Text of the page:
Apr 17, 2024  
2015-2016 Undergraduate Catalog 
2015-2016 Undergraduate Catalog [ARCHIVED CATALOG]

Food Science and Technology


Davidson, P.M., PhD – Washington State
D’Souza, D., PhD – Georgia
Golden, D.A., PhD – Georgia
Zhong, Q., PhD – North Carolina State
Zivanovic, S., PhD – Arkansas

Associate Professors
Loveday, H.D., PhD – Kansas State
Morgan, M., PhD – Ohio State

Assistant Professors
Critzer, F., PhD – Tennessee
Hanning, I.B., PhD – Arkansas
Hollis, F., PhD – Cornell
Richards, J.K., PhD – Tennessee

Jones, K.G., MS – Tennessee

Emeriti Faculty
Brekke, C.J., PhD – Wisconsin
Draughon, F.A., PhD – Georgia
Goan, H.C., PhD – Michigan State
Morris, W.C., PhD – Iowa State
Penfield, M.P., PhD – Tennessee

Davidson, Golden, Hanning, Hollis, Jones, Richards

The curriculum concentrations in food science and technology include a science concentration, a technology concentration, and a pre-professional concentration. They prepare students to apply basic scientific and business principles to manufacturing, processing, distribution, and utilization of food products that meet the needs and desires of consumers. Coursework emphasizes the basic principles of converting raw food materials into safe acceptable consumer products. Selected commodity courses detail processing of specific types of food materials. Students entering the program should have an interest in the sciences, such as chemistry, microbiology, and biology.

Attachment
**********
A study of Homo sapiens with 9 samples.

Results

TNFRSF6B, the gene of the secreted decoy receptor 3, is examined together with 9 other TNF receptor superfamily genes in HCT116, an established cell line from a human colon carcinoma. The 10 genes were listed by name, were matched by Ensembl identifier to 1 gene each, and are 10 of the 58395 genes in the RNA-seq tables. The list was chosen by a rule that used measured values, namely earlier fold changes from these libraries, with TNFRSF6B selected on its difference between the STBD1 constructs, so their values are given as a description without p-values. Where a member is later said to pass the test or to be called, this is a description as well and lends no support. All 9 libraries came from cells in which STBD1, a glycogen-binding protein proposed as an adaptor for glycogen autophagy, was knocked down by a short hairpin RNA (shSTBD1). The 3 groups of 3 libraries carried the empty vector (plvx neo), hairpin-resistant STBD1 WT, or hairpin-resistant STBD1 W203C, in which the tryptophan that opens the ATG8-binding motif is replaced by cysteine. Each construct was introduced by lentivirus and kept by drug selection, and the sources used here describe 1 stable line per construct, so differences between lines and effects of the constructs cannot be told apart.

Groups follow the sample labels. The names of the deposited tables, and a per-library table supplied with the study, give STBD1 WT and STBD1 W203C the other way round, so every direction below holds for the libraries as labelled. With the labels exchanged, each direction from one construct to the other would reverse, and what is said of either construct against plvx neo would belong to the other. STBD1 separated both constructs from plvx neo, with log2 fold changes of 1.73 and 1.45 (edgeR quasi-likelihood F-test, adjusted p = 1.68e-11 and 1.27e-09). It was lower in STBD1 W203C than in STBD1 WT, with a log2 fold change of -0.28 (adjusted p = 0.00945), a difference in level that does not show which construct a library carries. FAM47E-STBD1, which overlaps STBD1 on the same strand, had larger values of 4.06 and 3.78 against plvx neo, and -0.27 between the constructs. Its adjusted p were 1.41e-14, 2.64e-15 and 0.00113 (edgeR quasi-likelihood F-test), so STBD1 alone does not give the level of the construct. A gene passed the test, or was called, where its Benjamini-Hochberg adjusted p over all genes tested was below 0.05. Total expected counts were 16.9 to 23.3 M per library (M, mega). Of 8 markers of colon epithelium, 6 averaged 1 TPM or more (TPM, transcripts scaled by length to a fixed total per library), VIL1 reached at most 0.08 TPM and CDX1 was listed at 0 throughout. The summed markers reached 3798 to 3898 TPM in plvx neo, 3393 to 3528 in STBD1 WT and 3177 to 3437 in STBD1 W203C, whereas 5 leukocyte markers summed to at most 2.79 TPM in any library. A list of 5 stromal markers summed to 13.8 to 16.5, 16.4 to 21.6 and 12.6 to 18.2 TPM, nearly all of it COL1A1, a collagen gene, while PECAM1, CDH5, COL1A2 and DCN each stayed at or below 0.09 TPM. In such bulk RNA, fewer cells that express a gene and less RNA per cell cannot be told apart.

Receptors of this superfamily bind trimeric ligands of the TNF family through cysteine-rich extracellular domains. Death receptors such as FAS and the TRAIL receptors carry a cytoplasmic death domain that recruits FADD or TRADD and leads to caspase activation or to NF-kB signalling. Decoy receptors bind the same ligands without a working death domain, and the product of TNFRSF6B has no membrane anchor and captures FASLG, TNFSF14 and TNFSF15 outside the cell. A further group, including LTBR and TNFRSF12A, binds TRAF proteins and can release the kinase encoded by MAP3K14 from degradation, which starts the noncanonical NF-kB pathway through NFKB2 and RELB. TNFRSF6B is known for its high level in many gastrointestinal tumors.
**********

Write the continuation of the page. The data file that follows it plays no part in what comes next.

Career opportunities include positions in the food industry in quality assurance, production management and development, marketing, governmental inspection, etc. The science concentration of coursework conforms to the guidelines in the model curriculum of the Institute of Food Technologists. The technology concentration allows students to obtain an agribusiness or business minor or specialization in areas such as animal science, nutrition, or others that strengthen the food science and technology major. A special problems course provides opportunity for practical training in food processing plants and laboratories or federal and state laboratories. The pre-professional concentration provides the science background necessary for medical, pharmacy, dental, or veterinary medicine school and also allows the student to develop an understanding of food science principles that will apply to their chosen profession. This food science background will also prepare students for a career in the food industry.